And, like a lot of us, the way Baugues deals with something getting to him is to turn to social media. In his case, a state government message board.
Baugues works for IDEM, the Indiana Department of Environmental Management, where he is assistant commissioner in the Office of Air Quality. As an article by John Russell
in the Indianapolis Star
put it, Baugues is "the man in charge of cleaning up Indiana's air."
Baugues was evidently at his wit's end because ice and snow had turned his daily commute into a three-hour ordeal. So he posted this message: "Anyone who says global warming is obviously suffering from frostbite."
He said he was trying to make a joke.
It makes you wonder what it must be like working at IDEM
. According to its website:
"IDEM's mission is to implement federal and state regulations to protect human health and the environment while allowing the environmentally sound operations of industrial, agricultural, commercial and government activities vital to a prosperous economy."
In practice this has meant that IDEM has functioned as an extension of the state's office of economic development. Its director, Thomas Easterly, is an engineer who worked for Bethlehem Steel and NISOURCE, a major utility company. During his time at Bethlehem, Easterly presided over creation of a mound of toxic industrial waste 200 feet from the Lake Michigan shore. It came to be known as "Easterly's Pile."
Baugues has a similar pedigree. Before getting into environmental protection, he worked for an engineering firm, Keramida, whose clients included power plants, mines and oil and gas facilities. He has declared himself a global warming skeptic. "It seems silly to be talking about global warming at a time when we were having extremely cold unseasonable weather," he wrote.
With leadership like this, it's not surprising that when crude oil spilled into Lake Michigan at the BP refinery during the last week in March, the silence from IDEM was deafening.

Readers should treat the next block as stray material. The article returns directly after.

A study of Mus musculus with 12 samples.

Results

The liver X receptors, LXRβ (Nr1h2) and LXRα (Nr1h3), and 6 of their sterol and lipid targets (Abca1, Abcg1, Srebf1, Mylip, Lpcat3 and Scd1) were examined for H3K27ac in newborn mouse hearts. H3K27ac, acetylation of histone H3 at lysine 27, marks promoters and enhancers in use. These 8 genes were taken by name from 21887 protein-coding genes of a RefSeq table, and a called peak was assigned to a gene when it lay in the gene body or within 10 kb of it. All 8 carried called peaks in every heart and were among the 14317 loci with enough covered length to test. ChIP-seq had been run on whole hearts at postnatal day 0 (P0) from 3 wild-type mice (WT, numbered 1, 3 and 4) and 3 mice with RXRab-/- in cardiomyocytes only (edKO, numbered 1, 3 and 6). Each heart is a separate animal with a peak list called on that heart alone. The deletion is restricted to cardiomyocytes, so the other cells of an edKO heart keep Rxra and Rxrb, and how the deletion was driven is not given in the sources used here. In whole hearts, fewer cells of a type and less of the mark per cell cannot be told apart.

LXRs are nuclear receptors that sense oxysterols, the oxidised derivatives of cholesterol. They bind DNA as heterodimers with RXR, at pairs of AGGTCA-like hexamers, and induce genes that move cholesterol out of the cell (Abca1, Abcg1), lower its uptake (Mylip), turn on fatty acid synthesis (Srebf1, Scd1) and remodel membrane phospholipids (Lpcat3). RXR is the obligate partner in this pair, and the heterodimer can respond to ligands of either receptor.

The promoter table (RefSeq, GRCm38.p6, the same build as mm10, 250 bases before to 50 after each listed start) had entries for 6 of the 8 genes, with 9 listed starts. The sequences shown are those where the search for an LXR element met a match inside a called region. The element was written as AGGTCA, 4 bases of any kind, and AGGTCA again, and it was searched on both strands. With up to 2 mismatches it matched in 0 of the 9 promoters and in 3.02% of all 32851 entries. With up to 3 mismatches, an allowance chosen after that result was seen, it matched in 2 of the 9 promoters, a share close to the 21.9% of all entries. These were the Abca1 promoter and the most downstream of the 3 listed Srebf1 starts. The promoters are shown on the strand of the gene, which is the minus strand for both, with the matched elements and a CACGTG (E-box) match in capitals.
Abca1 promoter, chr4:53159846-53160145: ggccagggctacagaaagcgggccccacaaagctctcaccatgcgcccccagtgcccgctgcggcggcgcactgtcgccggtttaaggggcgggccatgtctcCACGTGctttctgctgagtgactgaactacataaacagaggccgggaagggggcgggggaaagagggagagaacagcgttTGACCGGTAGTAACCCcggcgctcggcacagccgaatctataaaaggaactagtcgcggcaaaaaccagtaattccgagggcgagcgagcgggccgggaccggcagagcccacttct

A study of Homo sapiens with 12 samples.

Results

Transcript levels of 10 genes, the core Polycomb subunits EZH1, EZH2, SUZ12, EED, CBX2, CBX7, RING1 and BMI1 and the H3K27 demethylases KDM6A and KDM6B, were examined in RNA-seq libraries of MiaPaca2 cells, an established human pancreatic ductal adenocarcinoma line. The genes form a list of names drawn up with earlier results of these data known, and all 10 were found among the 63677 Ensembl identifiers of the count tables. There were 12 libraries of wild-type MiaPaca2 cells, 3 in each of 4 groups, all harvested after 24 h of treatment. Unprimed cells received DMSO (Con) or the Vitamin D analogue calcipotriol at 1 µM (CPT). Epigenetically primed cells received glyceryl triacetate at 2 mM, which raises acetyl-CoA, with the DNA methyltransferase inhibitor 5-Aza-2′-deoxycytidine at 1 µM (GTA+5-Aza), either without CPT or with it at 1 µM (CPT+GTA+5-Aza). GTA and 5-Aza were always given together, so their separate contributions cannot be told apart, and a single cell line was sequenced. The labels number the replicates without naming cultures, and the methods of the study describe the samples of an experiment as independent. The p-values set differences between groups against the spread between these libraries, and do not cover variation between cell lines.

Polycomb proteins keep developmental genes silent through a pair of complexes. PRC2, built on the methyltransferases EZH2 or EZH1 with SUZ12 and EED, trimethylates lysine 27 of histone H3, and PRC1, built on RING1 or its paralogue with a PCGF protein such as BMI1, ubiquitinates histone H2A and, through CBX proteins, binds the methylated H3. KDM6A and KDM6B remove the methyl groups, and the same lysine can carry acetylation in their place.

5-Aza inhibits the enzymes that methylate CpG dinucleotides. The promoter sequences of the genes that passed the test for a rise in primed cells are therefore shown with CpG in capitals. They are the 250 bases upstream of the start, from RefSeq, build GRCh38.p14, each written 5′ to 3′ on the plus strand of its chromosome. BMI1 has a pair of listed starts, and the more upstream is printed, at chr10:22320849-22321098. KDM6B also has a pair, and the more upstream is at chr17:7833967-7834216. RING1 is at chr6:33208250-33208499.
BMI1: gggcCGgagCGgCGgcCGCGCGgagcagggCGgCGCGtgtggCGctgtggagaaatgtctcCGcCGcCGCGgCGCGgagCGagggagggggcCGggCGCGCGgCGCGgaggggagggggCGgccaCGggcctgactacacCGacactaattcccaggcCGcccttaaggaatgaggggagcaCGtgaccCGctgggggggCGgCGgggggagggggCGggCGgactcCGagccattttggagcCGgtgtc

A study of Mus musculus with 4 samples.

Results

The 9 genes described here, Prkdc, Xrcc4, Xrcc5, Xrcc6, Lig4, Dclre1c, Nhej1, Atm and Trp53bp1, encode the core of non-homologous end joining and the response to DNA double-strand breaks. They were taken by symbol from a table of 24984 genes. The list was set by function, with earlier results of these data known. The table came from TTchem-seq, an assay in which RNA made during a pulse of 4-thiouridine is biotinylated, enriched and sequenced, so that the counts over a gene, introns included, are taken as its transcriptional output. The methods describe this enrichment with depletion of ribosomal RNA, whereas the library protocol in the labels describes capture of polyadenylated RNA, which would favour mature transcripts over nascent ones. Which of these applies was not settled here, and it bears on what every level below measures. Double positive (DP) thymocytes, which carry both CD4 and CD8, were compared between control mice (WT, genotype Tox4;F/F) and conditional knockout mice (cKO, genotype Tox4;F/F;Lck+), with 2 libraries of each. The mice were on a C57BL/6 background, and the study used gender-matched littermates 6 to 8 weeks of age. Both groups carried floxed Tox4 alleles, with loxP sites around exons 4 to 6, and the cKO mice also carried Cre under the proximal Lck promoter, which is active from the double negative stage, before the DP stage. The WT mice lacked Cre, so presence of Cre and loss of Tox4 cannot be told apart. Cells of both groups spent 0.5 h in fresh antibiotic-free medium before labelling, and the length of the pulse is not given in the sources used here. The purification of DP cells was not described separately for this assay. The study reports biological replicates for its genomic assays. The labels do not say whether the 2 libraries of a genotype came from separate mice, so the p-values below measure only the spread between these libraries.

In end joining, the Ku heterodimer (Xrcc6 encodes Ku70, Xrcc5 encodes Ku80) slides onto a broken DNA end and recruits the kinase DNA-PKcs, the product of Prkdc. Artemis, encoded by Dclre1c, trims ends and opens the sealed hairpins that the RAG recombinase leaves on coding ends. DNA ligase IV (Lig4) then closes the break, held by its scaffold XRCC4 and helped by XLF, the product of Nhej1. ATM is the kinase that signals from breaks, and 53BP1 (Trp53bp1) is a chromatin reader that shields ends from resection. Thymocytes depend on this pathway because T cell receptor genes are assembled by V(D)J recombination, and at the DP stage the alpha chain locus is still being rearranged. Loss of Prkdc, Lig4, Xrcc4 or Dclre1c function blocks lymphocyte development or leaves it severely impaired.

In 2006, Indiana granted BP permission to expand its plant on Lake Michigan in order to process tar sands oil from Alberta, Canada. "This marks another huge step in Indiana's economic comeback," crowed Gov. Mitch Daniels.
The March spill - amounting to between 630 and 1,600 gallons - involved newly installed equipment and took place just two miles from the Hammond Water Works. Since Lake Michigan provides drinking water for millions of people, a spill of any size should be alarming. Senators Durbin and Kirk of Illinois, and Levin, of Michigan, called for a meeting with BP executives and an investigation
. Durbin and Kirk released this statement: "We cannot be too careful when it comes to protecting the health and safety of Lake Michigan which serves as the primary source of drinking water for millions of people in and around Chicago."
Those people include Hoosiers. But not a single Indiana politician, least of all Messrs. Baugues or Easterly, had anything to say.
Pity Keith Baugues. Like a lot of us, this year's barbaric winter apparently really got to him.